HUNDREDS of British soldiers have received letters questioning their role in claims of torture and murder during the Iraq War as prosecutors confirmed more than 50 deaths are set to be examined.
About 280 veterans have been sent documents telling them they were involved in an incident under investigation by the Iraq Historical Allegations Team (Ihat), a spokeswoman for the unit said.
Unlawful death cases involving 35 alleged killings have already been referred to the Service Prosecuting Authority (SPA) – the military equivalent of the Crown Prosecution Service – along with 36 cases of alleged abuse and mistreatment with “multiple complainants”.
The SPA said it was also preparing to advise on an additional 20 cases of unlawful killing and 71 cases of mistreatment in the near future.
Andrew Cayley, QC, director of the SPA, said it “will not flinch” in prosecuting British soldiers where there is evidence of wrongdoing.
He added: ““Equally, I want to make it absolutely clear that no member of the British armed forces will be prosecuted unless there is sufficient evidence to do so.”
UK forces withdrew from Iraq in 2009 though lawyers are continuing to refer cases to the Ihat, the government-established criminal investigation into murder, abuse and torture claims linked to the six-year military mission.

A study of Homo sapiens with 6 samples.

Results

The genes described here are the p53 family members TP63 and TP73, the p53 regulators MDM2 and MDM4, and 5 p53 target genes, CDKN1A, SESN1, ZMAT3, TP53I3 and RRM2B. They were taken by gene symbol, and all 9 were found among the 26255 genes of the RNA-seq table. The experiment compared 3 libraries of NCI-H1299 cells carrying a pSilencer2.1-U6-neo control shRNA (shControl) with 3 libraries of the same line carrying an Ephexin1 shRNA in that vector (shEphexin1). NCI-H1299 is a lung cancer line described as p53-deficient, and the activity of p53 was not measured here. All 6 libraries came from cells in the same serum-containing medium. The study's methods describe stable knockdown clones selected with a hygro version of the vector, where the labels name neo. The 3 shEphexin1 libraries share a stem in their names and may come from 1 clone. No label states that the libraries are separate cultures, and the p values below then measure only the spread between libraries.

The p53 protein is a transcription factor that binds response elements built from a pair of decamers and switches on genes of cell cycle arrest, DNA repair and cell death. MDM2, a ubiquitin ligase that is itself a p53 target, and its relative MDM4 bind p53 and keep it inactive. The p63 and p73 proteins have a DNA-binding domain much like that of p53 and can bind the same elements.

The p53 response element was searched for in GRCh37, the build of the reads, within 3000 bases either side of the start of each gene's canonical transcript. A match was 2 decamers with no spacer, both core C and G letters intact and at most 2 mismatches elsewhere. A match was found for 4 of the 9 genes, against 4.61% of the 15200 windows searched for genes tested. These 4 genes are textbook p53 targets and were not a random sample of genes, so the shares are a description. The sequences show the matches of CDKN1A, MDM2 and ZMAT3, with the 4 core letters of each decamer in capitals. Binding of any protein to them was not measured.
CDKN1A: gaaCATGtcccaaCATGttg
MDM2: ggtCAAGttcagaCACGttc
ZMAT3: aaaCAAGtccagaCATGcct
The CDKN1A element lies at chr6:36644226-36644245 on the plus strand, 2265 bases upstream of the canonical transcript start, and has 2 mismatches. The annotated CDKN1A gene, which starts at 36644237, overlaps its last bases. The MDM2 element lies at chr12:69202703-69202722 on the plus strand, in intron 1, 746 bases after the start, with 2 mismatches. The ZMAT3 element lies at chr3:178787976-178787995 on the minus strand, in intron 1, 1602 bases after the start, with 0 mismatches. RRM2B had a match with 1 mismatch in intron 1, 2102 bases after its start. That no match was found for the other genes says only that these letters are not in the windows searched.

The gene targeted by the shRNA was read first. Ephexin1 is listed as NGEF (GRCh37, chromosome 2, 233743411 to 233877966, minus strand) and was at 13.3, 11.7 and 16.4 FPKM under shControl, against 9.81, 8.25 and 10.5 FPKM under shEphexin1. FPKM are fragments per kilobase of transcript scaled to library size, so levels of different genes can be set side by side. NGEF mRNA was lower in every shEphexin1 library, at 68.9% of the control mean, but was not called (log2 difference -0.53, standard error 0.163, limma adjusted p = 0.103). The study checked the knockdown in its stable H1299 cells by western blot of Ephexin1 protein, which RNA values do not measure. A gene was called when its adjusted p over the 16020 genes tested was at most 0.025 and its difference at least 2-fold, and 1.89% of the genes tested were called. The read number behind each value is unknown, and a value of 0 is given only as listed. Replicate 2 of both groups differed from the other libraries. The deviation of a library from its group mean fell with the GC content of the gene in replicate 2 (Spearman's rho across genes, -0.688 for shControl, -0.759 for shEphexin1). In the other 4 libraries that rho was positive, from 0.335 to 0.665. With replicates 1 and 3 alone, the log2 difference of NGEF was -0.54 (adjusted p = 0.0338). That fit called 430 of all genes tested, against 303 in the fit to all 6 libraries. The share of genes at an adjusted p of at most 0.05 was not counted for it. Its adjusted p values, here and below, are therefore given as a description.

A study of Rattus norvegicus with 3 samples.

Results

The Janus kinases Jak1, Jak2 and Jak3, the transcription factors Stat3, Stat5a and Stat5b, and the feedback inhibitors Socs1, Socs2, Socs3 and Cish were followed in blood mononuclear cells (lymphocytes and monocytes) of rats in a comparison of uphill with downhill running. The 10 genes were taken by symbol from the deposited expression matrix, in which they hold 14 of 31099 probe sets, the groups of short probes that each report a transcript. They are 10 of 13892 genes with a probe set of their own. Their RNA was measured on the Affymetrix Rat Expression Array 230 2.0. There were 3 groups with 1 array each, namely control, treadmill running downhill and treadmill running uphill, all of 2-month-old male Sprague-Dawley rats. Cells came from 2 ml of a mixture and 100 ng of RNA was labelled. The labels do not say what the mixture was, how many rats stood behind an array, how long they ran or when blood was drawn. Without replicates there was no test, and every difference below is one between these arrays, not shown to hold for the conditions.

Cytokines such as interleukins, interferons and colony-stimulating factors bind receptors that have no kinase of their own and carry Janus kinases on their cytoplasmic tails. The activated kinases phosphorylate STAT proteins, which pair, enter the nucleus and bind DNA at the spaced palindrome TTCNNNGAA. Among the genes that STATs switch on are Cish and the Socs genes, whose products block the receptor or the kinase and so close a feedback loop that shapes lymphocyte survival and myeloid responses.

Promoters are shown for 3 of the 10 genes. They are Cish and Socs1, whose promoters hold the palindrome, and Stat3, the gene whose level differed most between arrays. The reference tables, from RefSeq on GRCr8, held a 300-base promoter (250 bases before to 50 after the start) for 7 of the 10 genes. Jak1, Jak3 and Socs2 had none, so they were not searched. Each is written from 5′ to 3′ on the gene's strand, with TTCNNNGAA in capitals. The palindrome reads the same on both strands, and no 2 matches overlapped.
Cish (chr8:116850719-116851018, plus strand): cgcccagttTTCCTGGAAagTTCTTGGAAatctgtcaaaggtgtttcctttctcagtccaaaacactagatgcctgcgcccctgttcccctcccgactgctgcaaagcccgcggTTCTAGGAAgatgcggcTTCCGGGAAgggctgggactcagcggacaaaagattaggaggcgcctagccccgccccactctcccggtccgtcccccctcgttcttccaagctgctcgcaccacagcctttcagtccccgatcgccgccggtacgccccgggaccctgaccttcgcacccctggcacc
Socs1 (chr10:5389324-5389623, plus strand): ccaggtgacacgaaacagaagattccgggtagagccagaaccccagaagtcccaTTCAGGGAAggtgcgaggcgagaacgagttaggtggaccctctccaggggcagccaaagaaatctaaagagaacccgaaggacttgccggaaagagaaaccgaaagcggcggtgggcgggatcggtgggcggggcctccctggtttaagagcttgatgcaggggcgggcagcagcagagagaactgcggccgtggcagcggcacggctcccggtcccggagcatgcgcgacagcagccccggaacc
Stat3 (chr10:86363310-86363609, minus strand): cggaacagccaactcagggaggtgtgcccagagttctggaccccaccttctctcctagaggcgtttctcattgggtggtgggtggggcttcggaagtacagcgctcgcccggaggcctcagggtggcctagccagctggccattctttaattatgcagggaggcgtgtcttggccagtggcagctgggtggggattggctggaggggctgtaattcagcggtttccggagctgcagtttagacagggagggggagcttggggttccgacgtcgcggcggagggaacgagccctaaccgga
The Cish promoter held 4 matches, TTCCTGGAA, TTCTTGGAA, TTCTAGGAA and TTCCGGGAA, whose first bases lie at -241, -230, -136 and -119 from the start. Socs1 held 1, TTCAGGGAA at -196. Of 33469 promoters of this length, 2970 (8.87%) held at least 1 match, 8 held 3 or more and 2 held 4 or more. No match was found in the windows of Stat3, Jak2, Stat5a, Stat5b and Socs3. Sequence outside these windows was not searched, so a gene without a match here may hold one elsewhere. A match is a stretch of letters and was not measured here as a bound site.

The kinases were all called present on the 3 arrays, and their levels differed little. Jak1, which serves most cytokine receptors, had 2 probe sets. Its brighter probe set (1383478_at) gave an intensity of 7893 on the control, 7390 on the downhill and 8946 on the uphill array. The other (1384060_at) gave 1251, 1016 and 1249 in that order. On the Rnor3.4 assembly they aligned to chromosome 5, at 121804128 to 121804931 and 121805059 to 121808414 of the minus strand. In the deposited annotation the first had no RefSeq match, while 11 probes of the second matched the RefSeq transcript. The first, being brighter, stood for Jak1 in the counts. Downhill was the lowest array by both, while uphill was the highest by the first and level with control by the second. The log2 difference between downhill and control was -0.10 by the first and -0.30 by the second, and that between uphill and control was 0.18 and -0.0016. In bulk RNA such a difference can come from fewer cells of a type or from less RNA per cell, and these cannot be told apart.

The multi-million pound inquiry’s workload reached 1,515 possible victims by September, of whom 280 are alleged to have been unlawfully killed. Ihat’s budget is set at £57.2 million, which runs until the end of 2019 – 16 years after the 2003 invasion began.
An Ihat spokeswoman confirmed that some of the letters sent to veterans in the last two years had been hand-delivered by detectives and that there was “no obligation to respond”.
A Ministry of Defence spokeswoman said: “The vast majority of UK service personnel deployed on military operations conduct themselves professionally and in accordance with the law. The MoD takes all allegations of abuse or unlawful killing extremely seriously.”
In December 2014 British soldiers were cleared of torture and murder allegations but found guilty of mistreating nine Iraqi detainees following a fierce battle a decade before.
The five-year judge-led inquiry, which cost the taxpayer almost £31m, concluded in its final report that the murder and torture claims were the product of “deliberate lies, reckless speculation and ingrained hostility”.
The report was highly critical of the claims it was initially set up to investigate – that the Iraqi detainees had been tortured, mutilated and murdered following the three-hour battle that became known as the Battle of Danny Boy on 14 May, 2004 in southern Iraq.
It found that British forces from the Argyll and Sutherland Highlanders and the Princess of Wales Royal Regiment responded to an ambush with “exemplary courage, resolution and professionalism”.